More Games Need Endings Like The Last of Us
Ellie shows time and again that her loyalties lie with the rest of the species, rather than with herself. She’s Joel’s conscience throughout the course of the story, and she pines not only for the world that has been lost, but for a world in which people who loved each other could be together and in which kids like Henry’s brother Sam could grow up without fear. She shows uncommon strength of character as she tries to help others to work through this world; Ellie carries with her an incredible optimism.
That her character embodies such optimism and strength is the reason her encounter with David, leader of the cannibalistic hunters, in the Winter portion of the game, is so powerful and poignant. Even after the battle, Ellie is visibly shaken, and in many ways her innocence has been fractured beyond repair. What she’s seen and done haunts her, unlike Joel’s reactions to his own actions. She’s ready for penance; she’s ready to end this nightmare of a world so that others don’t have to go through what she did.
But that’s not how things go, because Joel is, at heart, a selfish character. We might never know what Joel would have been like without the loss of his daughter, Sarah, but we do know that he survives this apocalypse for the next 20 years because he is ruthless and uncompromising. That attitude drove off his brother, who opted for a peaceful, positive life helping people rather than Joel’s survival-for-survival’s sake existence.
Joel and Ellie are fundamentally at odds with one another, but the game’s story is one of their bond, which meaningfully transcends their opposite worldviews. And when Joel saves Ellie at the end of the game, he lies to her because he knows this. The world Ellie hopes to save no longer exists in Joel’s eyes, and maybe in the eyes of Naughty Dog as well. Twenty years after the end of the world, most of the people left are like Joel; they’re the kinds of people we encounter throughout the tale. They’re murderers, rapists, cannibals, and thieves. They’re selfish and self-serving. Even the Fireflies aren’t really good guys when the thing they want most is within their reach, and most other characters are morally ambiguous at best. Maybe that world isn’t worth saving.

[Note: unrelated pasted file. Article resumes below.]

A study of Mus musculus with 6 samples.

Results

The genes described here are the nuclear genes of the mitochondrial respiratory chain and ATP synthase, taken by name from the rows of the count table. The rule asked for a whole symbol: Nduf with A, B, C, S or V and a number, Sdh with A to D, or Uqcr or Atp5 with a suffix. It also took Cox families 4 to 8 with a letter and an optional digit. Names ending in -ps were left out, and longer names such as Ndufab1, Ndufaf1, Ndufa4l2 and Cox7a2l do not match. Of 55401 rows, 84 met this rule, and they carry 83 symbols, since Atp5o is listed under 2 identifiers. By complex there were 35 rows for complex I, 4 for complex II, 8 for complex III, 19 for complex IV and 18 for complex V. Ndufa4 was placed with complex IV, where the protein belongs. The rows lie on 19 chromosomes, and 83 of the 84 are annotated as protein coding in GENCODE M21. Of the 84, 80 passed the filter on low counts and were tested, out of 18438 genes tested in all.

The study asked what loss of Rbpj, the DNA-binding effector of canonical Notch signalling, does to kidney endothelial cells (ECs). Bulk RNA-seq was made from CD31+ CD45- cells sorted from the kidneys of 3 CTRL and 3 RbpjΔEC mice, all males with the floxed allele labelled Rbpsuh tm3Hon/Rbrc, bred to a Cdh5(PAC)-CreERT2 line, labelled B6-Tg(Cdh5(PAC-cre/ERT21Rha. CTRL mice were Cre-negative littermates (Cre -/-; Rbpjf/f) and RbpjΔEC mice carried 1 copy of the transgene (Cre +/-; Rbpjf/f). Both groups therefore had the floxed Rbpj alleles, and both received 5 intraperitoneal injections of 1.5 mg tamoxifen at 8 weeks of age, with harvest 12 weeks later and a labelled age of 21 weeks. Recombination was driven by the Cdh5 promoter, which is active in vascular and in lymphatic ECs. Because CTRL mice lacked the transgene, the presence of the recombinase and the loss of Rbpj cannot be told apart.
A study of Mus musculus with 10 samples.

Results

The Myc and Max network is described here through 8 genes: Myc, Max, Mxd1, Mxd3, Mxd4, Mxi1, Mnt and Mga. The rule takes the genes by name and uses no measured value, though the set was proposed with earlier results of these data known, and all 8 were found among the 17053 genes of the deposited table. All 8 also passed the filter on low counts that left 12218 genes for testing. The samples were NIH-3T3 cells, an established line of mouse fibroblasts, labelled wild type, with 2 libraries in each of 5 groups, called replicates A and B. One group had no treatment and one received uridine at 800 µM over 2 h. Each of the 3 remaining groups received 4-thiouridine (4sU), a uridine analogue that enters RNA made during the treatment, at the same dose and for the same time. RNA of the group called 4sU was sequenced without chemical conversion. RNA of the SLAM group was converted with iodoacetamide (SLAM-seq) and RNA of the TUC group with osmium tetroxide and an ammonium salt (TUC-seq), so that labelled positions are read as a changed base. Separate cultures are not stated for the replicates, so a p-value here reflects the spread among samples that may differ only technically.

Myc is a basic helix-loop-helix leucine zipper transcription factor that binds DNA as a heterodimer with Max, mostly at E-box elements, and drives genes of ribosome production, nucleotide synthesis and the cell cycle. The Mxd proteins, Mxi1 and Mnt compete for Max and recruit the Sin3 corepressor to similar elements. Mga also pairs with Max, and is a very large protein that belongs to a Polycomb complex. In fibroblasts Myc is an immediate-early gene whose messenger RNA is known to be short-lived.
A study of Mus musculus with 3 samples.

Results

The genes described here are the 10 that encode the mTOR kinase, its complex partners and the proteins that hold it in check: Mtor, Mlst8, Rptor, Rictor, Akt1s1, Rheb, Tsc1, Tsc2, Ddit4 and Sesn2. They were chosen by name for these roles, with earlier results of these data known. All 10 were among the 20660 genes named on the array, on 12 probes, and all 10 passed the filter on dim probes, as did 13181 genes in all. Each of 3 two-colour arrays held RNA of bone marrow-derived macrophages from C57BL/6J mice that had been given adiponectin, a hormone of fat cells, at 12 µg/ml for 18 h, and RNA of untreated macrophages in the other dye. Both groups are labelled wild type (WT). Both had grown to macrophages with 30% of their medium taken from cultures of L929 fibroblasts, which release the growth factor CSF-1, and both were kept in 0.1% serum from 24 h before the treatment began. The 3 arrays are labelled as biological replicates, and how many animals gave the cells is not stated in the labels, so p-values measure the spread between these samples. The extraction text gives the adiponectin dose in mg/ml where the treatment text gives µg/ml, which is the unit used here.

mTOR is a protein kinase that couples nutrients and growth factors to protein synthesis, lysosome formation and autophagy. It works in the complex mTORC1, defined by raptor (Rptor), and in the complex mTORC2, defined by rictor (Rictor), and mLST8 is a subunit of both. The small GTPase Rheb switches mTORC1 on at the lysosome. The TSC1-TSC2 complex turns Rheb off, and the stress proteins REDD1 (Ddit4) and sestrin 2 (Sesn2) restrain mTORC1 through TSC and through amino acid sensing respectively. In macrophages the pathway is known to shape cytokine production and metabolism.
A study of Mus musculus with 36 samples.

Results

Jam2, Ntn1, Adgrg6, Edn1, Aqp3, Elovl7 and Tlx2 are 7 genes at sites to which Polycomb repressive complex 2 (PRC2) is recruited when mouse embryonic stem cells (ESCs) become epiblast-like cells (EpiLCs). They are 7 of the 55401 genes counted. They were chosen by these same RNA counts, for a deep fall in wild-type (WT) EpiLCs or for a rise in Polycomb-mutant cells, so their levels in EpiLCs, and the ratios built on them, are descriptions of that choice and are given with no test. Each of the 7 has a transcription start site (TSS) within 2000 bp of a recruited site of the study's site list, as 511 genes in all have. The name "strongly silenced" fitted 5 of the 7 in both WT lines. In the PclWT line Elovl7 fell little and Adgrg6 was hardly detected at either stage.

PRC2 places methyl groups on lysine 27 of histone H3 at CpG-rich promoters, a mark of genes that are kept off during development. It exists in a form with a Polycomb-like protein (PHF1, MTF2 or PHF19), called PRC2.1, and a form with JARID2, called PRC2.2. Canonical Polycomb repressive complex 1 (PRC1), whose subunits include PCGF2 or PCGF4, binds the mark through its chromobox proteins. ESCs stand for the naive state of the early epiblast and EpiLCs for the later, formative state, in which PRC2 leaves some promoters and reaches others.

Despite The Last of Us’ tired zombie-story morality (maybe we are the real monsters!), it gets one thing in those final moments extremely right: This is not Joel’s redemption story. All too often, games bring their angry, violent men just trying to survive back from the brink, and re-instill them with humanity. The arc of the story becomes about these guys being forced to realize Maybe It’s Not So Bad, maybe Life Can Be Good, maybe Love is Real, maybe There’s Still Hope. Maybe Being a Hero is Better Than, Uh, Not.
Joel finds no redemption; he is the epitome of a loss of hope. He’s the ultimate survivor. He’s worse than David, the hunters, the Fireflies and Firefly leader Marlene taken together. And that reality makes his relationship with Ellie all the more interesting, exciting and powerful. You can see the realization in Ellie’s eyes after Joel’s final line.
You don’t have to worry about The Last of Us leaving room for a sequel; it doesn’t. You don’t have to worry about it being ambiguous; it’s not. It’s the perfect conclusion to the story of these characters and the people they’ve become through the course of knowing each other — Ellie more world-wary but finally loved, Joel willing to love but still more than willing to lie and kill. Just like those guns Joel and Tess go after at the beginning of the story, Ellie is a part of him, something with which he’s not willing to part, and he’ll do whatever is necessary to protect it, or get even with anyone who threatens it.
It’s all in the title. This is The Last of Us — Naughty Dog is serious about that. No help is coming. People like Joel are all that’s left, and all that will be left, when the ultimate end inevitably comes. Joel would rather spend those last days of the human race with his adopted daughter than without her. He’s a bad enough guy to doom the world — just like everyone else. You are not the hero of The Last of Us; there isn’t one.
That’s a dark, harsh reality for any story, especially a video game story, to hold to without flinching. Games need more storytelling like that.